Thursday, 24 January 2019
Should Rugby be quite so brutal?
Schmidt is warning his players to brace themselves for a “brutal” encounter with England on 2nd February while Jones predicts his team will be "brutal" in their pursuit of the Six Nations title.
Brutality has become the watchword for rugby these days and it's all rather depressing.
They could have use words such as "competitive" or "skilful" or "electrifying" - but no, "brutal" is the word of choice.
It may just be a word or perhaps just a way of hyping up a big game, but the choice of language is important - after all, if I'm a parent of a young child, do I really want to introduce my offspring to a sport that is known for its brutality, a sport that has seen four young men die on the rugby pitch in the last 8 months?
Because the sad fact is that the use of the word "brutal" is becoming more and more appropriate when describing the game of rugby. Across the game players continue to get bigger and stronger year on year, collisions get heavier and injuries get more frequent and more serious. And, unless this is addressed - either by changes to the laws or to coaching philosophy - it is only going to get worse.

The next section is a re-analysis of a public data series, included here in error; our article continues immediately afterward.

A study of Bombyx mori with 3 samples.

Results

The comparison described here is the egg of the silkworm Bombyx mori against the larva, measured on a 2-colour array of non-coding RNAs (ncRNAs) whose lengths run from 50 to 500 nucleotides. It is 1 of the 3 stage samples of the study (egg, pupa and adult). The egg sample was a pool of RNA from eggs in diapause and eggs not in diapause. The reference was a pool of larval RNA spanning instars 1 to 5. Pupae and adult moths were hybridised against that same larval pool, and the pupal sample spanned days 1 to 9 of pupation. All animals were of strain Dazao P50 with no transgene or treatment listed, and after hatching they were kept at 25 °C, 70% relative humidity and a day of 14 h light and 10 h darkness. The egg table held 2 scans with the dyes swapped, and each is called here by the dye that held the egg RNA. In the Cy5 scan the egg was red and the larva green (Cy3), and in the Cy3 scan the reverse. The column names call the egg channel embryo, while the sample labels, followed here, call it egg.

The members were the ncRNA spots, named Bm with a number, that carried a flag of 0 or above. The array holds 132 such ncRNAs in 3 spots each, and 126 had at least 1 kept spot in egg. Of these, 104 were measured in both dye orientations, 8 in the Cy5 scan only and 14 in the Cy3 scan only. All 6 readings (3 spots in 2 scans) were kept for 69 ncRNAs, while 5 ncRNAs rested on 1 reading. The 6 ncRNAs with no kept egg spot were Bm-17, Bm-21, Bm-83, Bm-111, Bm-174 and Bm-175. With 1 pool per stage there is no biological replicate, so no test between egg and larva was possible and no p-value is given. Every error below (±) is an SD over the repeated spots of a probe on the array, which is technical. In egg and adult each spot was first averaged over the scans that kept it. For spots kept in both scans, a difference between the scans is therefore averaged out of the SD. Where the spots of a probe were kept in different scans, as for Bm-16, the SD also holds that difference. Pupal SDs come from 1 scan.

Those who have followed this blog for a little while will know that I am somewhat rugby-obsessed - I love what has always been a tough, physical game. It is, and always has been, a sport not for the fainthearted, but there will come a point when participation is just not worth the risk, and when the public vote with their feet.
I'm not sure how close we are to that point, but rugby ignores the warning signs at its peril.